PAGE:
Friday 9 November 2012

Start line in sight after 3-year journey

350 international athletes are beginning to arrive in Port Douglas in what will quite likely be the most unique sporting event they will ever enter.

The Solar Eclipse Marathon will commence at the southern end of Four Mile Beach as the sun breaks the darkness of totality.

Lars Fyhr of Denmark-based Albatross Travel (the event owners), arrived in Port with his team on Wednesday after three years of planning and preparation.

"We're finally here. It has been three years of back and forth and thinking how we're going to do it. We're in the last ten days and we can actually get things done and see it happen," he said.

For most of the runners who are travelling from around the globe to participate in the race this will be their first experience of tropical Australia. So what have they been told to expect?

"They are expecting some fantastic scenery and they'll get that for sure, of course the heat and the humidity, but then also the relaxed Port Douglas atmosphere. They'll get that Australian vibe.

"They are expecting a fun race, hard of course due to the heat, but a well-organised race with a lot of cheering and support from the other eclipse viewers who will be in town, and in general a good holiday."

International runners from the United States, Denmark, Belgium, and Holland are well represented, as are a number of other countries, and they will enjoy a tour package allowing them to spend a week seeing the attractions of the region including, of course, the Great Barrier Reef and Daintree Rainforest.

"It's enough time for them to get relaxed, get into this special Port Douglas vibe that I think is here where nothing is in a hurry - in a good way," Lars said. 

Pictured: Albatross Travel's Lars Fyhr is glad the marathon, three years in the planning, is finally upon us.

So who are these people who travel to remote places such as China, Greenland, Africa, and now emerging Myanmar to participate in Albartross Travel marathons?

"The runners are more mature, around 50 years old of average. The runners who run adventure marathons are mostly those who have done the city marathons and now they want something else," Lars said.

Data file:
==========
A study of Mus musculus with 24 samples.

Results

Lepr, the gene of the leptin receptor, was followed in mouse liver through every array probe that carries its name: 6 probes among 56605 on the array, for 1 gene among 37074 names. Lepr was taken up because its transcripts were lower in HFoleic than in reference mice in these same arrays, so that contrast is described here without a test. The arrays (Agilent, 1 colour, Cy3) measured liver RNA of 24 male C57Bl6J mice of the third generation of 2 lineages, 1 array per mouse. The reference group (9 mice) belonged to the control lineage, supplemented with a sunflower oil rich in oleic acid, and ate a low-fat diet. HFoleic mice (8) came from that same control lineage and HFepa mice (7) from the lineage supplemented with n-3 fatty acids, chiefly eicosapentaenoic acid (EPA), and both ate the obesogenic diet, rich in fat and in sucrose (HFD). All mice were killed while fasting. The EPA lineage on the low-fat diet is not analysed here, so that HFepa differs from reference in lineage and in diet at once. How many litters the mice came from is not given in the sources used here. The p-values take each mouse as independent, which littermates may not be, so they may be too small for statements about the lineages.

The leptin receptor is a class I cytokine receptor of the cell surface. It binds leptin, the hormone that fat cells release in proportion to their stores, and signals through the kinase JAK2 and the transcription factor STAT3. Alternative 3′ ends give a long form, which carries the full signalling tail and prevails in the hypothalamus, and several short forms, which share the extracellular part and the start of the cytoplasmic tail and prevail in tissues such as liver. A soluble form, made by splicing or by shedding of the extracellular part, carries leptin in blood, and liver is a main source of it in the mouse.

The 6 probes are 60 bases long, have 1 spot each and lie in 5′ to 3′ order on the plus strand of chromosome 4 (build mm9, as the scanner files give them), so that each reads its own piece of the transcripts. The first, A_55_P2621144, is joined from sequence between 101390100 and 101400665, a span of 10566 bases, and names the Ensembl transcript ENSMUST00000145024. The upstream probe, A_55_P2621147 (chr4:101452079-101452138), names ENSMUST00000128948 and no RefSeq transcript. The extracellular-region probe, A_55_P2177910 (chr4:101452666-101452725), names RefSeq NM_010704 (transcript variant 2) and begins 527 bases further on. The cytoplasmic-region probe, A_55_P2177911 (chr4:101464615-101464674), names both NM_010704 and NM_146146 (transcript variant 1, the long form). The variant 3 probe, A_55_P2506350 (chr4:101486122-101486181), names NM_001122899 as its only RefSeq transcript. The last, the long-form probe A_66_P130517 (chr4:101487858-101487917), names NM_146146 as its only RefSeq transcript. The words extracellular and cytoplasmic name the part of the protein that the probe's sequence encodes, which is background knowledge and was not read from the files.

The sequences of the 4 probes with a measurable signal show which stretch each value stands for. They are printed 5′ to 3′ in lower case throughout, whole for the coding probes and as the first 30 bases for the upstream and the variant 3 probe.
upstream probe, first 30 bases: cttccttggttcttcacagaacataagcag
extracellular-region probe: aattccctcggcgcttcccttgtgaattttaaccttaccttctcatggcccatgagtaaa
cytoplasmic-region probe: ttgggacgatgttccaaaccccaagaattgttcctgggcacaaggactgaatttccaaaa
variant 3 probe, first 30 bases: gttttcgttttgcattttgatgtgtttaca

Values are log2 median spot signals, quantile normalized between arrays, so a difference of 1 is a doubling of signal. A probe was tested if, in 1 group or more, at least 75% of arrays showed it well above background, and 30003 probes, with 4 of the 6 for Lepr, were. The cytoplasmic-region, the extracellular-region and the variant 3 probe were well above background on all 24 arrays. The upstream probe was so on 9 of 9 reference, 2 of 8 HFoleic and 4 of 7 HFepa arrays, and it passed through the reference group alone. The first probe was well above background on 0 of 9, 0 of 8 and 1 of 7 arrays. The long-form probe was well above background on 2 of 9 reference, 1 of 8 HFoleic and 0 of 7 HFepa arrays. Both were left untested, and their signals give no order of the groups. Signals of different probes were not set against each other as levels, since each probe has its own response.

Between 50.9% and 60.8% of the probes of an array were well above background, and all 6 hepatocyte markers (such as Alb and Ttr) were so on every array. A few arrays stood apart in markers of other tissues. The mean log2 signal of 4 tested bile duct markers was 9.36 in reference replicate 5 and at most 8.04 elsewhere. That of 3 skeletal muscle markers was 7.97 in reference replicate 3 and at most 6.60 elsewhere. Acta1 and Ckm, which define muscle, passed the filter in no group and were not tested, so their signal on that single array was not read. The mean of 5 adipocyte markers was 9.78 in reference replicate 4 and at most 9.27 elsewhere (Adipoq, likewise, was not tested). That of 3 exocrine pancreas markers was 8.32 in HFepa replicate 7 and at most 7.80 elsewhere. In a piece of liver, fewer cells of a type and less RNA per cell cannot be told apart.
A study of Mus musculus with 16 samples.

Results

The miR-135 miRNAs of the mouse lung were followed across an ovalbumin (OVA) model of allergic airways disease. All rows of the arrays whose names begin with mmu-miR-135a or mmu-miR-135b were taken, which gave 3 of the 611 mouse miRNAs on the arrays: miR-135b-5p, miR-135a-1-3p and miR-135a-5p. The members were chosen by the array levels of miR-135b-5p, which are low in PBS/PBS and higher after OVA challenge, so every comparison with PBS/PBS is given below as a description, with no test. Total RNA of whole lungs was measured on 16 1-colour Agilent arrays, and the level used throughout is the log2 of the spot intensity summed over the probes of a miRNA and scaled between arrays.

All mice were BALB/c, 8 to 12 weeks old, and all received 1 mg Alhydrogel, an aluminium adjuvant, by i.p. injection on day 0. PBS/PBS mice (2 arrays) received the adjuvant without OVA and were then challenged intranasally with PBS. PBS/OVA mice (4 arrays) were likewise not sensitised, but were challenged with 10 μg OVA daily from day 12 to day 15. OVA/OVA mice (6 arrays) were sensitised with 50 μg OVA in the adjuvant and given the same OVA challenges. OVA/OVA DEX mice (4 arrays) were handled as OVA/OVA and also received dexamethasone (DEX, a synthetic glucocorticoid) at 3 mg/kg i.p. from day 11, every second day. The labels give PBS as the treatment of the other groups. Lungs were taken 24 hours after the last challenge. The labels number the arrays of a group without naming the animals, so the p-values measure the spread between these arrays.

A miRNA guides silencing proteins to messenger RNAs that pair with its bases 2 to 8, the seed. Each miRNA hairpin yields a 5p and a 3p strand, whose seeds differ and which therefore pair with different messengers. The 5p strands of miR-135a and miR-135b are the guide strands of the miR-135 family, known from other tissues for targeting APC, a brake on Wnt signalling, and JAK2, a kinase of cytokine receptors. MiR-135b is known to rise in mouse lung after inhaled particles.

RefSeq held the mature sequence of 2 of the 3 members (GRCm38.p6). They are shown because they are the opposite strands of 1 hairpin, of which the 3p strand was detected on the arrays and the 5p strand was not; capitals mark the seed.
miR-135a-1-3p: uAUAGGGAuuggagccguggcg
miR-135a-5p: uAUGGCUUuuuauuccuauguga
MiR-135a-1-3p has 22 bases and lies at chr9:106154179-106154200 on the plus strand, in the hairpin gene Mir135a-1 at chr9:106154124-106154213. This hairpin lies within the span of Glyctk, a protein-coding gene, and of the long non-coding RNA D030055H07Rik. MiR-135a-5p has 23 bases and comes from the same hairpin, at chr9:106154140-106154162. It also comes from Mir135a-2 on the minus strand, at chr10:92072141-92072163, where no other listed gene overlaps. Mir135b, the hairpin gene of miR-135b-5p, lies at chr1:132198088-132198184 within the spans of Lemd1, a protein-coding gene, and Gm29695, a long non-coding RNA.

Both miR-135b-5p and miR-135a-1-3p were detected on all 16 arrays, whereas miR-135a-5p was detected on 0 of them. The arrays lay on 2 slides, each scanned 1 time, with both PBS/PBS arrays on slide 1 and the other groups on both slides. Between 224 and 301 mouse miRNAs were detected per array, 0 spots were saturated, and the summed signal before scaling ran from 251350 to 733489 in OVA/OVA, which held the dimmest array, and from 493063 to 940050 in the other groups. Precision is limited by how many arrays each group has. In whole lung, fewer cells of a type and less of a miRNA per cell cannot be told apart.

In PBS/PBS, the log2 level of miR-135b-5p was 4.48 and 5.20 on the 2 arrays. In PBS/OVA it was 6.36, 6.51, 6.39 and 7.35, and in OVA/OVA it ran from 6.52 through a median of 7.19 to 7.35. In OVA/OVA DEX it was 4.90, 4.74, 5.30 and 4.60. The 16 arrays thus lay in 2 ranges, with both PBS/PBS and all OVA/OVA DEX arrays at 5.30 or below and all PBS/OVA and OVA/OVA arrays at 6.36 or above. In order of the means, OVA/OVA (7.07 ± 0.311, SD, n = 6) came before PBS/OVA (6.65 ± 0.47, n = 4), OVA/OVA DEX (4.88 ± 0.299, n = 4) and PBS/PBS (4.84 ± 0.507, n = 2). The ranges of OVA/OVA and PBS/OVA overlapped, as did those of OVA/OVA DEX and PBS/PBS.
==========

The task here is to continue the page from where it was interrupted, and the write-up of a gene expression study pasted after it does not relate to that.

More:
That "something else" will include the lung-bursting Bump Track - a seemingly endless incline within the Mowbray Valley that will surely test even the fittest of athletes.

Runners will gather on Four Mile Beach at Barrier Reef Park in a clearly marked area to view the eclipse before departing on their 42km challenge.

"We want to embrace the event (the eclipse) for everybody so we're not going to kick people off the beach if they're in the wrong section.

"But it will be very clearly marked where runners will start from and I think other eclipse viewers will probably not be interested in being among them in order to not be disturbed as we are running, more or less, as soon as the corona is broken," Lars said.

A word of warning goes out to unregistered runners who may be planning to join the race (known in the industry as 'Ghost Runners') - only those people with race numbers and solar eclipse marathon wrist bands will receive water at the stations dotted around the course. With another hot day in the tropics expected, it's worth taking into consideration.

"I don't mind if people are running along even though they are not registered. But the problem is if they start taking up supplies from the people who are registered and have paid for it.

"We're very much looking forward to the event. It has been a real pleasure for three years now working with everyone in Port Douglas and now we're finally at the doorstep."